The administration, conceding that President Reagan's election-eve farm-credit aid program has not worked, announced a revision yesterday aimed at helping thousands of faltering farmers obtain loans for spring planting.

Agriculture Secretary John R. Block said the new debt-restructuring package will "help farmers through their temporary difficulties . . . and make it possible for many operators to stay in business."

But the new provisions -- the most important of which would allow qualifying farmers to stretch out old loan repayments -- ran into instant skepticism from rural bankers and Republican farm-state legislators, who said the administration was acting too late and offering too little to prevent economic chaos in rural America.

"There's nothing new. These are totally insignificant changes," an official of the Independent Bankers Association of America, which represents most of the rural banks, said yesterday.

Sen. Nancy Landon Kassebaum (R-Kan.) said, "I cannot embrace a program that offers too little assistance and too little hope, a plan that is inadequate to meet the needs of the farm economy."

While Block said the new program, which also would allow banks to be more lenient toward farmers, will enable many farmers to avoid foreclosure, he again linked long-term agricultural prosperity to adoption of the administration's forthcoming proposals to rework the basic farm price support system, now costing billions of dollars a year.

But advance congressional reaction to the proposals has been caustic and, in response, the administration blinked yesterday on one part of its proposal -- a plan to kill tobacco price supports. Block told tobacco-state congressmen who were threatening to sabotage the farm bill that he will send the tobacco proposals to Congress separately.

The political furor over the farm debt and tobacco was inflamed further when budget director David A. Stockman this week denounced farm subsidies and blamed farmers and lenders for creating the credit crisis.

White House spokesman Larry Speakes, attempting to take the edge off the remarks by the head of the Office of Management and Budget, said that Reagan "is sympathetic to the difficulties farmers face in obtaining credit for the planting season" and that the debt-restructuring program announced yesterday demonstrated that.

That aside, Stockman's remarks left some legislators in shock. Sen. Mark Andrews (R-N.D.) charged that the budget boss was "practicing a Marie Antoinette economics that is totally nonproductive for our nation's economy."

Andrews and other Republican farm-state senators, many of whom face sensitive reelection campaigns next year, were instrumental in pressuring the administration to recast the debt-assistance plan unveiled by Reagan last fall on the eve of a campaign foray into farm country.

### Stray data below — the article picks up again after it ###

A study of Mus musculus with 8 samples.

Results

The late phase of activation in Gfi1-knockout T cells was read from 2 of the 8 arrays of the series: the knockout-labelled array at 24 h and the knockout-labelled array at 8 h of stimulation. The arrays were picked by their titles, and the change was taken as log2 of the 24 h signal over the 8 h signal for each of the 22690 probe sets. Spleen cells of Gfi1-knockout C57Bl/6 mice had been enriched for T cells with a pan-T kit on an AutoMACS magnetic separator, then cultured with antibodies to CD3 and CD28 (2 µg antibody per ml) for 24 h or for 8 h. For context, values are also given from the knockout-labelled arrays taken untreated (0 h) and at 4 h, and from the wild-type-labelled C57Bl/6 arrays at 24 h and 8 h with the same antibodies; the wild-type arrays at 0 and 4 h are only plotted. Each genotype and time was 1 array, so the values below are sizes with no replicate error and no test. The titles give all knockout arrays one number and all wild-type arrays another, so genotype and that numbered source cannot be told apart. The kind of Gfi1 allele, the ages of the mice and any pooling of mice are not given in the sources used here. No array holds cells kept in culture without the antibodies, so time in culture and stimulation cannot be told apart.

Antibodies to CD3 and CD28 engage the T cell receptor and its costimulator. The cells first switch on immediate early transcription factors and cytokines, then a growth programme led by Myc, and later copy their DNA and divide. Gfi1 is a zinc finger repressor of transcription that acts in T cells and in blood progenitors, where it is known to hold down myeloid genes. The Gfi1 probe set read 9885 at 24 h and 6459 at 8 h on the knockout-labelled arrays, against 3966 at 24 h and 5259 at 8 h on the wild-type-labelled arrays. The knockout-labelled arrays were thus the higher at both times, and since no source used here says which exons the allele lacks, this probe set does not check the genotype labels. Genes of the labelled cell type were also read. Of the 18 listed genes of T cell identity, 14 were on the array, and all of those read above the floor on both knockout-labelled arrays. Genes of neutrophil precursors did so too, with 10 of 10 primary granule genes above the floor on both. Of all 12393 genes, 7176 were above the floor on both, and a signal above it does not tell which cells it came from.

Block conceded yesterday that the plan's federal guarantee of private loans to farmers has not worked. Of $650 million made available for the guarantees, only $25 million has been used.

The other part of the program allowed the Farmers Home Administration (FmHA), which provides about 11 percent of farm credit, to set aside up to 25 percent of a farmer's debt for five years without interest. Block said that is working, but Agriculture Department figures indicate that only about 3,900 borrowers (out of more than 200,000 nationally) have been granted setasides.

Key changes announced yesterday included:

* The government will allow a bank to reduce interest as well as principal on a farmer's guaranteed loan, which Block said will attract more banks, particularly those facing financial stress.

* The USDA will guarantee up to 90 percent of operating loans to farmers previously served by lending institutions that went broke. Block said this would give many farmers a new "credit home" and allow them to carry on.

* The Treasury, the Federal Reserve System, the comptroller of the currency and the Federal Deposit Insurance Corp. will adopt a policy of "forbearance" to avoid pressuring rural banks into shutting off financially troubled farmers and small rural businesses.

* The USDA will send teams of FmHA lending officers to provide credit assistance to farmers in areas where commercial banks or institutions of the Farm Credit System have been liquidated. The department also will help operate "credit hot lines" to provide information, and will liberalize its hiring standards to recruit more lending specialists.

The Independent Bankers Association of America remained cool toward the administration's changes. The bankers had sought up to $3 billion for the loan guarantees and federal sharing of forgiveness of as much as 4 percent of a farmer's loan.

"The $650 million is the same amount that was in place last September and that has been sidetracked for 4 1/2 months," the association's Weldon Barton said. "This relatively small amount continues to frustrate the program. It is penny wise and pound foolish for the administration not to seek the extra money."